As summer is coming to an end, you’re probably starting to realize all of the things you had wanted to do but didn’t, like go to the beach, take a vacation, or find a new job.
We can help you with the last one—and now couldn’t be a better time for it.
Following the pattern of strong job growth we’ve seen this summer, we’re closing out the season with a solid 156,000 jobs added in August, per the most recent U.S. Bureau of Labor Statistics’ monthly jobs report.
While this number isn’t as high as the 180,000 jobs economists had predicted, it does total out to an awesome 555,000 jobs added in the past three summer months.
And that’s not even the best part. This growth in employment was seen in—wait for it—manufacturing and construction, even beating out mainstay hiring sectors health care and professional and technical services (although those industries were both top performers, too).
Overall, the most job growth was found in manufacturing, having added 36,000 jobs in August. These gains, in particular, were seen in the manufacturing of motor vehicles and parts (+14,000), fabricated metal products (+5,000), and computer and electronic products (+4,000).
After a five-month-long dry spell, employment finally rose by 28,000 in construction in August. While the report said Hurricane Harvey had no discernable effect on employment last month, history shows that hiring for construction jobs tends to ramp up after severe hurricanes like Katrina and Sandy, according to Quartz.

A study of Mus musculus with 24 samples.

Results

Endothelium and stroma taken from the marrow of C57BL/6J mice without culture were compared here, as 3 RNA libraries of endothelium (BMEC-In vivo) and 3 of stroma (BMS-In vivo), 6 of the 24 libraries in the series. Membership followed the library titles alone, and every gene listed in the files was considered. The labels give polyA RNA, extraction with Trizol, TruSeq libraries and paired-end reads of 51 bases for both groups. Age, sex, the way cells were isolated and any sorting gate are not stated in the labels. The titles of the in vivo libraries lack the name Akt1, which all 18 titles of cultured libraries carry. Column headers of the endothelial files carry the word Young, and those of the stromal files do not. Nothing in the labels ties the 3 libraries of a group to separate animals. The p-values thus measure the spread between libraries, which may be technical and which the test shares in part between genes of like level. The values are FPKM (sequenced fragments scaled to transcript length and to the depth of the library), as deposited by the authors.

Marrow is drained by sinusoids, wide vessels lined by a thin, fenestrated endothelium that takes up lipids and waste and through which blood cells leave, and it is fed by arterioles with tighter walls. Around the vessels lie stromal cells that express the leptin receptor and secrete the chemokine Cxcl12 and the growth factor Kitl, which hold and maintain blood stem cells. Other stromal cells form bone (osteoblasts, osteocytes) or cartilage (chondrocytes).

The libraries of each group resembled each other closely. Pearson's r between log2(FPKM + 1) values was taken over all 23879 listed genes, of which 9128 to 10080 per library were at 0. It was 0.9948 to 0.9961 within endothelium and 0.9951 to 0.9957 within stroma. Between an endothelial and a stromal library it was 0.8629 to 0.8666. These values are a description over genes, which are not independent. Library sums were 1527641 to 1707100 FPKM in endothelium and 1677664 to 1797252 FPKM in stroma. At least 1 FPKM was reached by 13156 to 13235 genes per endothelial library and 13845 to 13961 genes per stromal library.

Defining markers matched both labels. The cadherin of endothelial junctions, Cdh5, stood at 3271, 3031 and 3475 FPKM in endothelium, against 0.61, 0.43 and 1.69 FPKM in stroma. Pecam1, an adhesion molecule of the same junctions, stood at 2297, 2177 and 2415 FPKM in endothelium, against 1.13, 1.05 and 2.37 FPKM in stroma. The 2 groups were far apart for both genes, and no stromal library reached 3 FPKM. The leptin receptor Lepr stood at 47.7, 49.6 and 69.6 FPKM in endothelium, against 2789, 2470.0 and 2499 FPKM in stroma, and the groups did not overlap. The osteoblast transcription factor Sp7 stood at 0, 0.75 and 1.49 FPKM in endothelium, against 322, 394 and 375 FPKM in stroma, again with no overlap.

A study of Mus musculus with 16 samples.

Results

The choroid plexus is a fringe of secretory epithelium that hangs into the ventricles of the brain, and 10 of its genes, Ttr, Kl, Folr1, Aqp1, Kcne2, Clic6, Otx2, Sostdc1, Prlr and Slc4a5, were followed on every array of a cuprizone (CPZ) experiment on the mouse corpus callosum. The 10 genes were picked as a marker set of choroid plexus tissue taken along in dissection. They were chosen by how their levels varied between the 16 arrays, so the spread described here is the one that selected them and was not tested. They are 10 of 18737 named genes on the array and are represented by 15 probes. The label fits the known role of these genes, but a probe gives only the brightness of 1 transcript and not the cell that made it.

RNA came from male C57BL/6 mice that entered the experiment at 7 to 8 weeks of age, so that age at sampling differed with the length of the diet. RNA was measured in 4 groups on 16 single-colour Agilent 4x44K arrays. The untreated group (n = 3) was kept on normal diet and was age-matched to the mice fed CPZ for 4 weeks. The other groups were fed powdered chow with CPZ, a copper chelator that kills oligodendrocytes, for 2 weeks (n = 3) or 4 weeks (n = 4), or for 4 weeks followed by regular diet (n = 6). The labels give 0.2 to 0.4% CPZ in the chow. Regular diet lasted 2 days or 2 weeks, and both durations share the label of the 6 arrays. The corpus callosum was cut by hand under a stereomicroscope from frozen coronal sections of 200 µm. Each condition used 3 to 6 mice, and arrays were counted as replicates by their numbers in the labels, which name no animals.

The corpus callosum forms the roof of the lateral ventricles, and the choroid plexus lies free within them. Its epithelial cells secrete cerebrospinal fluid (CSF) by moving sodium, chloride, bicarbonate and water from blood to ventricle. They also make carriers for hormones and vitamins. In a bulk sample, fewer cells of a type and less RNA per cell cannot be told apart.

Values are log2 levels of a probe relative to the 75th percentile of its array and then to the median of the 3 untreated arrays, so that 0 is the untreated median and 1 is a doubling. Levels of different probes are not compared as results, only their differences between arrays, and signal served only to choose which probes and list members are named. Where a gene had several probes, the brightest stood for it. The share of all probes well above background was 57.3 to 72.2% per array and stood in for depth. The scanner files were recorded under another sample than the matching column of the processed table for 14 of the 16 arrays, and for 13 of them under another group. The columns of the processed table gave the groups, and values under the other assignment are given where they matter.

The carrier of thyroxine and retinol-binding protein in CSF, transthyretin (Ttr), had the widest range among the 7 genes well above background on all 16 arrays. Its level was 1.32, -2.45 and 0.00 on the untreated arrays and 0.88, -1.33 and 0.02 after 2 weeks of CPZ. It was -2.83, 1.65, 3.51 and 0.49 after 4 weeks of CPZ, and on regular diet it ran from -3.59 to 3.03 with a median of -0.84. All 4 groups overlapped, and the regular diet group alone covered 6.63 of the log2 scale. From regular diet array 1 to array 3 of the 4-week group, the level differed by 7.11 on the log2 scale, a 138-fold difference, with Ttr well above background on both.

Gains were also made in the tech industry, adding 22,000 jobs, primarily in computer systems design and related services. For more tech jobs, you can check out our monthly list of companies specifically hiring tech workers.
Health care, another sector you can always count on for superb growth, continued its upward trend with the creation of 20,000 jobs, mostly in hospitals.
In restaurants and bars, food services added 9,000 jobs in August, which is fair, but keep in mind that these numbers are following an increase of 53,000 jobs in July.
Finally, mining added 7,000 jobs in August. Since a recent low almost a year ago, employment in the industry has risen by 10%.
Average hourly wages ticked up by three cents, totaling $26.39. Meanwhile, the unemployment rate inched up from 4.3% to 4.4%
June’s and July’s strong numbers were both revised down by the Labor Department, with June’s numbers now sitting at 210,000 and July’s at 189,000.